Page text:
Salmonella

Despite its name, salmonella doesn't just occur in salmon. It too is a bacteria—a more serious cousin to staphylococcus. Salmonella poisoning occurs in contaminated foods, which might or might not be cooked. It is also linked to poor sanitary conditions. (In other words, avoid food stores swarming with insects, heat, and cooks with dirty hands.)

Ouch!

Salmonella bacteria is most prevalent in undercooked or improperly cleaned or stored poultry, pork, beef, and eggs.

Symptoms of salmonella poisoning usually surface about eight hours after a person eats the bad food. The symptoms are very similar to those of staphylococcal poisoning, but they are much more severe. They include:

  • Nausea and vomiting
  • Fever
  • Chills
  • Severe diarrhea and abdominal cramps
  • Flu-like symptoms
First Things First

How can you tell if the food in a can might have been contaminated? If a can is battered, swollen at the top or bottom, or sold after the “best used by” date, or if it exudes a strong odor when it's opened, you can bet it's probably bad. You should live by the old saying, “When in doubt, throw it out!”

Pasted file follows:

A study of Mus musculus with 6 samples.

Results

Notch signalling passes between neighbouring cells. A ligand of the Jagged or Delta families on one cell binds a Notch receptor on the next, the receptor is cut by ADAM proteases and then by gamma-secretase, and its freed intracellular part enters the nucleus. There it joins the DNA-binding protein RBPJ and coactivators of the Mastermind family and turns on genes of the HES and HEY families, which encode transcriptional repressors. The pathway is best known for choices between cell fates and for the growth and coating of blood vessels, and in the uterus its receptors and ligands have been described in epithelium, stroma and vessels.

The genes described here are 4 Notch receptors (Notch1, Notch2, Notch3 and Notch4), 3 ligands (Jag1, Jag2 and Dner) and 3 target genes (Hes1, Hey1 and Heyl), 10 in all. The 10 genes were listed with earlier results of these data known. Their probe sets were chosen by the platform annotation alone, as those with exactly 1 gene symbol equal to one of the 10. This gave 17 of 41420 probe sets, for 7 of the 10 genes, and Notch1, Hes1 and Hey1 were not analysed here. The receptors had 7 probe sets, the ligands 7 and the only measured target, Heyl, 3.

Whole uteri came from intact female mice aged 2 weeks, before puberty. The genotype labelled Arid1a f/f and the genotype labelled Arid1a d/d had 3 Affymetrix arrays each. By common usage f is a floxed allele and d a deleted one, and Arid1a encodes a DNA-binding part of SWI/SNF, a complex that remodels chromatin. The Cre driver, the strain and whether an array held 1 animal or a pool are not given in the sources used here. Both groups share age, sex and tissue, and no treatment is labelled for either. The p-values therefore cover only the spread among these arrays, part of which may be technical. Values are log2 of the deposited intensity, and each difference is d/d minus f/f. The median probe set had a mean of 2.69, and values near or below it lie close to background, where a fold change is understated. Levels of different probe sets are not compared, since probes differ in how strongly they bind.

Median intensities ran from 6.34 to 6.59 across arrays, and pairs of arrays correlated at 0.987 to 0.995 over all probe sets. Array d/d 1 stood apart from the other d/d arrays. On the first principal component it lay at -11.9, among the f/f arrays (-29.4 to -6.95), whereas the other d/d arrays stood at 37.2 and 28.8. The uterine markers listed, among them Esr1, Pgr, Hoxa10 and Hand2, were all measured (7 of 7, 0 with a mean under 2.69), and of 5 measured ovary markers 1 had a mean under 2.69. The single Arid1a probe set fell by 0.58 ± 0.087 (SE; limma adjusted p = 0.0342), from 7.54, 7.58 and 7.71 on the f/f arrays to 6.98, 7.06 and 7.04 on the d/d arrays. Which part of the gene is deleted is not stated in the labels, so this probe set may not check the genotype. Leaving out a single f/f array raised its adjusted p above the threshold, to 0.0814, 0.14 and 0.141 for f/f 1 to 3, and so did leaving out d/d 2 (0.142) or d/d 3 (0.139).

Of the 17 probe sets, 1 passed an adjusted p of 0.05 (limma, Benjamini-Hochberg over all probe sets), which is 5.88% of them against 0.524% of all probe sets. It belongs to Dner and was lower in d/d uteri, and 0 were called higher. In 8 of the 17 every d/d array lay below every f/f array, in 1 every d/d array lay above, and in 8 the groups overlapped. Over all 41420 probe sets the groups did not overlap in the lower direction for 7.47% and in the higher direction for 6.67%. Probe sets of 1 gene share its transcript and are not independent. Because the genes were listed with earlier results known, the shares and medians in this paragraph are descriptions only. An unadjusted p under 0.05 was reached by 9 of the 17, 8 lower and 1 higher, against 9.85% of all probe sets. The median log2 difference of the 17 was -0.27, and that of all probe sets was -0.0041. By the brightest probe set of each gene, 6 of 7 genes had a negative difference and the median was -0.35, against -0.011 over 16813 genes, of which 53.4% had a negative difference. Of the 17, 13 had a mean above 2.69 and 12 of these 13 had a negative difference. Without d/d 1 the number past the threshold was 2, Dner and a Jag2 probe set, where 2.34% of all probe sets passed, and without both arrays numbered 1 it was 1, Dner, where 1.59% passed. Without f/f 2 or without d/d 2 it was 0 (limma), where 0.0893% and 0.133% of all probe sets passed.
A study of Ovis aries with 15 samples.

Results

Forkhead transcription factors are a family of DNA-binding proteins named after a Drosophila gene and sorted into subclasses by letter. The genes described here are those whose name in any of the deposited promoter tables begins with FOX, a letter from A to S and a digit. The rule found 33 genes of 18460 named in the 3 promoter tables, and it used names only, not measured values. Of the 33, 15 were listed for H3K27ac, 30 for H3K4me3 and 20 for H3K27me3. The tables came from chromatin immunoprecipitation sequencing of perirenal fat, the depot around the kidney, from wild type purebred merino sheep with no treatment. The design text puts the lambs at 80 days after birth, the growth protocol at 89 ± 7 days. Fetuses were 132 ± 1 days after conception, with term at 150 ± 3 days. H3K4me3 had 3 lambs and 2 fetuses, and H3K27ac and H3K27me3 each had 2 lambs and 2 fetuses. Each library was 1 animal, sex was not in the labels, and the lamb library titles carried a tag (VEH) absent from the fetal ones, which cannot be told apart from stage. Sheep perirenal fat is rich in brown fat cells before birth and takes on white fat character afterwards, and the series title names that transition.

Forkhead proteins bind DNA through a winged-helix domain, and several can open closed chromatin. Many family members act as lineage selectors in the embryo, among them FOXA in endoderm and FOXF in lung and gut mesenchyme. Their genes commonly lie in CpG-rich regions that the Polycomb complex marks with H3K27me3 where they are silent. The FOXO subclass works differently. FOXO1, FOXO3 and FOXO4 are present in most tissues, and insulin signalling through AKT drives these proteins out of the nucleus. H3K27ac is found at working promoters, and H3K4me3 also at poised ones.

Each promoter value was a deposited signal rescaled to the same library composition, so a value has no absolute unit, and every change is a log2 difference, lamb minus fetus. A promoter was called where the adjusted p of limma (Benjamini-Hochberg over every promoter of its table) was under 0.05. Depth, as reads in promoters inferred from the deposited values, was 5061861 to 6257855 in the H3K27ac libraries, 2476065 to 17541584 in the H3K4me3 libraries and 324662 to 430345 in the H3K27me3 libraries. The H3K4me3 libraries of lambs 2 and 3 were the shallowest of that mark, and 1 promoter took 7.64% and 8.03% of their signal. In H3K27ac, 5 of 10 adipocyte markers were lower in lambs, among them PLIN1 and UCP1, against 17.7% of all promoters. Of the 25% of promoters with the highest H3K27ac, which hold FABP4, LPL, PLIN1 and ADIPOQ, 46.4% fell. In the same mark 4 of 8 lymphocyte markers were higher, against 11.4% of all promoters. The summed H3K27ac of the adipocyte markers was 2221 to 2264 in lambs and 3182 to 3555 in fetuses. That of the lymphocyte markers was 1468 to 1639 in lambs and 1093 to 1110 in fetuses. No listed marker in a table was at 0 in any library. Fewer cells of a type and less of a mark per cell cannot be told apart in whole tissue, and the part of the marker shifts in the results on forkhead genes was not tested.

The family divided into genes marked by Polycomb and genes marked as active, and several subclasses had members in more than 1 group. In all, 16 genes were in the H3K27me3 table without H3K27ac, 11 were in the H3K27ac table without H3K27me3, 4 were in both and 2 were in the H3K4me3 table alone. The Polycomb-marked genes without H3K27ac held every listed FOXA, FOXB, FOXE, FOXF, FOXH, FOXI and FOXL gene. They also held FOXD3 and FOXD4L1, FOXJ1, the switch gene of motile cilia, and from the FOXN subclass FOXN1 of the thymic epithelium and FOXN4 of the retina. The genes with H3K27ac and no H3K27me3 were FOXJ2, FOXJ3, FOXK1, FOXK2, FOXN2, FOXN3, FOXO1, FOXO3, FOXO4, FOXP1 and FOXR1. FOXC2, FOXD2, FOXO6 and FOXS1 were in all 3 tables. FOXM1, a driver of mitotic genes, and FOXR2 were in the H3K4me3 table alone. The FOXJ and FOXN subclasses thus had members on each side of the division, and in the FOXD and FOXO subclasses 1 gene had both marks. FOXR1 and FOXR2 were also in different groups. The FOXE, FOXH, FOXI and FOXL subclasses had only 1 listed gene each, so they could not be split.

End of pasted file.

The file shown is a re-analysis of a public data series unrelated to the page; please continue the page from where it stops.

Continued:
If you think someone might have salmonella poisoning, seek medical help immediately. Then make the person as comfortable as possible. Give him or her only water if requested.

Botulinum

The most devious food poisoning, botulism, is also the most deadly. It is an illness caused by the botulinum bacteria. Symptoms usually don't appear until two days after ingestion—and it can sometimes be difficult to trace back to the contaminated food. Botulism is caused by contamination of canned goods; the botulinum bacteria thrives on improperly packaged food and food that is used after it has “turned bad.” New studies are also revealing that botulism can occur in gourmet hand-flavored bottled oils, in which whole slivers of peppers or herbs are placed in a glass bottle along with the cooking oil.

Before You Put the Band-Aid On

The more acidic the canned food is, the less likely the chance that botulinum bacteria can grow in it. The acid kills the enemy before it has time to get a “podhold.” Thus most canned goods containing tomatoes (such as tomato soup, stewed tomatoes, tomato sauce, and tomato juice) are probably going to be safe.

Botulinum bacteria produces symptoms all its own:

  • Blurriness or dim vision
  • Double vision
  • Heavy eyelids
  • Difficulty breathing
  • Severe fatigue
  • Inability to swallow
  • Garbled speech

If any of these symptoms occur, seek medical assistance immediately. Try to retrace the ill person's routine over the past two days and find the culprit. Finding the food can help the emergency team provide the correct treatment. If the ill person cannot remember what she consumed or if she is too sick to talk, check her appointment book, call her office, and look in the garbage can.



More on: First Aid


To order this book visit Amazon's web site or call 1-800-253-6476.